States, but most western nations have laws similar to the ones I'm
about to discuss.
A person's right to control the use of his or her image or likeness is
called "The Right of Publicity." If you were to produce and sell a
work of art which was recognizable as the actress Angelina Jolie
(regardless of her state of dress or undress), you would be likely to
receive a missive from Ms. Jolie or her legal representatives, asking
you to cease production of the work in question. If you continued to
publish the likeness, you would probably face a lawsuit. If the
likeness portrayed Ms. Jolie as Lara Croft, you'd be in additional hot
water, since the character Lara Croft is under separate legal
Such lawsuits can be very expensive for the defendant: Dustin Hoffman
won a judgment for $3 million against Los Angeles Magazine, which had
used a computer-altered photograph of him without his permission. Of
course, sometimes these suits are not successful:
"Relying upon this right of publicity, Tiger Woods' exclusive
licensing agent, ETW Corp. ('ETW' is short for 'Eldrick 'Tiger'
Woods,' Tiger's real name), sued a sports artist for making and
selling limited edition prints of his painting depicting images of
Tiger playing golf. Tiger's agent argued that any use of Tiger's name
or likeness must be with the agent's permission. Tiger and his agent
lost, however, because the artist's right to express himself under the
First Amendment's freedom of speech trumped Tiger's right of
publicity. But free speech won't win in every case."
Carolina Arts: LEGAL Q & A - For the Arts
"The 'right of publicity' is the inherent right of every human being
to control the commercial use of his or her identity... The right of
publicity does not protect the persona of a corporation, partnership,
institution or other similar entities; it protects only the human
In the United States, the right of publicity is largely protected by
state common or statutory law. Approximately half the states have
distinctly recognized a right of publicity. Of these, many do not
recognize the right by that name, choosing rather to protect it as
part of an individual's right of privacy...
On the federal side of the equation, if a person can establish an
aspect of his or her identity as a trademark, protection may be
provided by Federal law. The Federal Lanham Act can also provide
protection where a person's identity is used to falsely advertise a
product or designate its origin."
IP Watchdog: The Right of Publicity
"The right of publicity is the right to control the commercial
exploitation of one's name, likeness and other characteristics of
identity, and it is found in the statutes or case law of most states.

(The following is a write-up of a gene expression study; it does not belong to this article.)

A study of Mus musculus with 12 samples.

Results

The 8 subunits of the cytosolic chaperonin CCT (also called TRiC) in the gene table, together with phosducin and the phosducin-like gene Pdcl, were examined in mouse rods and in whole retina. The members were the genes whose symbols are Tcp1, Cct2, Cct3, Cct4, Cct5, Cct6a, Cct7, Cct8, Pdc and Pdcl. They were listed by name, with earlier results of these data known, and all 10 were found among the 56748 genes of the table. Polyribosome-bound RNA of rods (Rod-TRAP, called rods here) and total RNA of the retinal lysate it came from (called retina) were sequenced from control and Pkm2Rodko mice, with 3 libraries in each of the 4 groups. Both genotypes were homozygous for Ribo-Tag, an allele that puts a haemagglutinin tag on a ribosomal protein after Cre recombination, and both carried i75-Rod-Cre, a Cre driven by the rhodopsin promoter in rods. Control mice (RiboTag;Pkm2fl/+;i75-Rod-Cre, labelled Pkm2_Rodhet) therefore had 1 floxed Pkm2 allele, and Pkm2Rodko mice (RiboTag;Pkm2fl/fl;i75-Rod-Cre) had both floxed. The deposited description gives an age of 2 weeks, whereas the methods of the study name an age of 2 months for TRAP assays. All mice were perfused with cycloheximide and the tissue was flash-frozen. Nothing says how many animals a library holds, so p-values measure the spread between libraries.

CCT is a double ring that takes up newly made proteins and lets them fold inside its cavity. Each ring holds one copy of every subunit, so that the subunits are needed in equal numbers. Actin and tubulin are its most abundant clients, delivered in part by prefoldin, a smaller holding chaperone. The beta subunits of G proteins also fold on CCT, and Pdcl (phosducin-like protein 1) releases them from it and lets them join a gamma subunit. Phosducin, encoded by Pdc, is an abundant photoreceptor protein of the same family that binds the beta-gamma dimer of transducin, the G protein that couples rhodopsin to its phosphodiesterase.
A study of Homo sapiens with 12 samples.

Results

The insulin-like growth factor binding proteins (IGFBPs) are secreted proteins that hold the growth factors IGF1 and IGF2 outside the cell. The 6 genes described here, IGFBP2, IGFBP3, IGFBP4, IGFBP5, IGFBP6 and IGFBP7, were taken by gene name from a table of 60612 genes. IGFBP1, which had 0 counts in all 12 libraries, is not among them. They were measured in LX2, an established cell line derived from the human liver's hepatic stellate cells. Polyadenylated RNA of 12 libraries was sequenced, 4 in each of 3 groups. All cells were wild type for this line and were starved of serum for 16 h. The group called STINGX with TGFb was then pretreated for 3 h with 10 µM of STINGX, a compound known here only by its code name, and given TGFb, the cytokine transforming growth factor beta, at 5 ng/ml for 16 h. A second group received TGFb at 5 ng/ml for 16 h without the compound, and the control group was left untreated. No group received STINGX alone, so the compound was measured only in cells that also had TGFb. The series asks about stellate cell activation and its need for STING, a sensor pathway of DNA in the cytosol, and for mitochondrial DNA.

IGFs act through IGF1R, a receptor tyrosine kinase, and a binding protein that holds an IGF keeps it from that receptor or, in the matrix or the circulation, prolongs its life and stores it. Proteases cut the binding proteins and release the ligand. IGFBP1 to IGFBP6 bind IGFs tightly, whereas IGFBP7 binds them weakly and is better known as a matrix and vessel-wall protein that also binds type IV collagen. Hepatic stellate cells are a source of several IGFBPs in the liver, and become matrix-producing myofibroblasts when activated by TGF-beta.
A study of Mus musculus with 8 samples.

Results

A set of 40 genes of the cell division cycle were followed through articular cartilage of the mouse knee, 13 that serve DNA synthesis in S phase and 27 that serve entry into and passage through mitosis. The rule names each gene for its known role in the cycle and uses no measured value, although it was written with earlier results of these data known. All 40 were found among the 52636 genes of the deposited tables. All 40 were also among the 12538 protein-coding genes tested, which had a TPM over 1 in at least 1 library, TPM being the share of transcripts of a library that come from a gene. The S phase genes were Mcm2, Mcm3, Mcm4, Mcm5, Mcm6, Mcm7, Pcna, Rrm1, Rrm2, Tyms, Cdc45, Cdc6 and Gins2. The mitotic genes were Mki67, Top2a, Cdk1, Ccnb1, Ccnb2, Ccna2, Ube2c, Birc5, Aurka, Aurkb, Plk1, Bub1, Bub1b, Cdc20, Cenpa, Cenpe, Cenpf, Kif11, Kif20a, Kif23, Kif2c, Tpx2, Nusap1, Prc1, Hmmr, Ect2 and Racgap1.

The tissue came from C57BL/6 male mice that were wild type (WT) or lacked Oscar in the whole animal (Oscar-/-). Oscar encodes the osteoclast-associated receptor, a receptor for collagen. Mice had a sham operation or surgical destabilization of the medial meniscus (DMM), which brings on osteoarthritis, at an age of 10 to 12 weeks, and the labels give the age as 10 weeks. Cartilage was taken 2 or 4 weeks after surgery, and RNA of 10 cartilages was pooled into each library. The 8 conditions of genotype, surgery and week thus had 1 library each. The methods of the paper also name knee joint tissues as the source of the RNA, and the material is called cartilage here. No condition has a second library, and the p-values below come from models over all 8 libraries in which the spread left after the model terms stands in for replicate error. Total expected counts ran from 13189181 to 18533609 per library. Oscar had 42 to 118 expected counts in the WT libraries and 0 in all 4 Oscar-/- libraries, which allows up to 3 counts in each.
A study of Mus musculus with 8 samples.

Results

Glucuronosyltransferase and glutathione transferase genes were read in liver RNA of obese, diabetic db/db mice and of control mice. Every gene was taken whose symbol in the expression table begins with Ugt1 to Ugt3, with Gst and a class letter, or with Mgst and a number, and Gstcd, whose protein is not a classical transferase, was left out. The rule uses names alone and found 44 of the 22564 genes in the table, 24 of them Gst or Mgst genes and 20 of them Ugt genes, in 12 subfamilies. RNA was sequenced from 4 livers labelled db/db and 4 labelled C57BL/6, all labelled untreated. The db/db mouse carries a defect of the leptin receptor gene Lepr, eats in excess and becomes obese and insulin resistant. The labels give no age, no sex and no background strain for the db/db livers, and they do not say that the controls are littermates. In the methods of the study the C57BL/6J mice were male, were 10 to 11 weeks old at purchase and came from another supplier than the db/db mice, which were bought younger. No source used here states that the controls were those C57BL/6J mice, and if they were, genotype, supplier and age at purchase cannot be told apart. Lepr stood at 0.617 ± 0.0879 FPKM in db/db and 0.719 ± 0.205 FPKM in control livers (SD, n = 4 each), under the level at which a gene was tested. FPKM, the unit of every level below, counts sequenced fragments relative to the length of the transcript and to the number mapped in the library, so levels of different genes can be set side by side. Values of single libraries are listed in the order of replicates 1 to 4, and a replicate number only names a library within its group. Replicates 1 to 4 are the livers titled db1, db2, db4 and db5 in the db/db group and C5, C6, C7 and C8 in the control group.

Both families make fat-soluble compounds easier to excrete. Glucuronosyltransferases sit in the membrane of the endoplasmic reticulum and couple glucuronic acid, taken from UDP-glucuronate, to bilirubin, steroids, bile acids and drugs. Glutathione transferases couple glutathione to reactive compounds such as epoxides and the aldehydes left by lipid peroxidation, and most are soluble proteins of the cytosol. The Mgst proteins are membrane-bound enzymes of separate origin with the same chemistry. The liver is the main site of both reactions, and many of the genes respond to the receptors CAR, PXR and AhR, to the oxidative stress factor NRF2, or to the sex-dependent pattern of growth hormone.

In some states, the right of publicity descends upon death to the
heirs of the celebrity."
Bootleg Betty: Legal Review: The Celebrity Scare
"Celebrities, and all of us non-celebrities, have a 'right of
publicity' under the law in most states. This is a form of privacy and
property right, and may be infringed upon when someone uses our name
or 'likeness' for their own (usually commercial) benefit without our
consent. The right of publicity is said to 'protect the celebrity's
pecuniary interest in the commercial exploitation of his identity'...
The dividing line that is used most often by the courts is one of
'endorsement.' When an artist uses the image of the celebrity to
endorse a product or the artist, the artist has usually violated the
celebrity's right of publicity, despite free speech interests in the
work... Despite the general rule that 'endorsement' is the dividing
line, a number of courts have also permitted celebrities to recover
when their literal likeness was used by the artist for commercial
purposes, even outside of advertising or promotion."
Carolina Arts: LEGAL Q & A - For the Arts
"Heirs have been dealing with different legislation from state to
state. New York, for instance, doesn't recognize a decendant's right
to control publicity at all; Indiana, meanwhile, is the toughest by
offering 100 years of protection after death.
'There is a need for federal legislation. There is a move toward it
and it continues to build, but we're simply not there yet,' said Scott
Whiteleather, vice president of the Indianapolis-based CMG Worldwide
Inc. CMG, which licenses the rights to use celebrity images, is the
leader in protecting and marketing the names and images of deceased
personalities such as Bogart, Marilyn Monroe, Babe Ruth, James Dean,
Ingrid Bergman and Bette Davis.
Current California law requires someone who wants to use a dead
celebrity's name, voice, likeness or signature for commercial purposes
to get permission from the person's survivors. But there are potential
loopholes -- like for an artistic product that may feature the subject
but is owned by others. "
SouthCoast Today: Encore? Not without permission
In addition, even the name of a celebrity may be a registered
trademark! For example, Marilyn Monroe's name:
"CMG Worldwide is the exclusive business representative for Marilyn
Monroe. We work with companies around the world who wish to use the
name or likeness of Marilyn Monroe in any commercial fashion. The
words and the signature 'Marilyn Monroe' are trademarks owned and
protected by Marilyn Monroe, LLC. In addition, the image, name, and
voice of Marilyn Monroe is a protectable property right owned by the
Marilyn Monroe, LLC. Any use of the above, without the express written
consent of the estate is strictly prohibited."
Search terms used:
"right of publicity"
"celebrity" + "image"
"celebrity" + "likeness"
I hope all of this isn't too discouraging. For more details on the
legal situation, you may want to consult an attorney, who can advise
you of your state's laws related to this matter, and of the trends in
the courts' interpretations of those laws.
If anything I've said is unclear or incomplete, or if a link does not
function, please request clarification; I'll be glad to offer further
assistance before you rate my answer.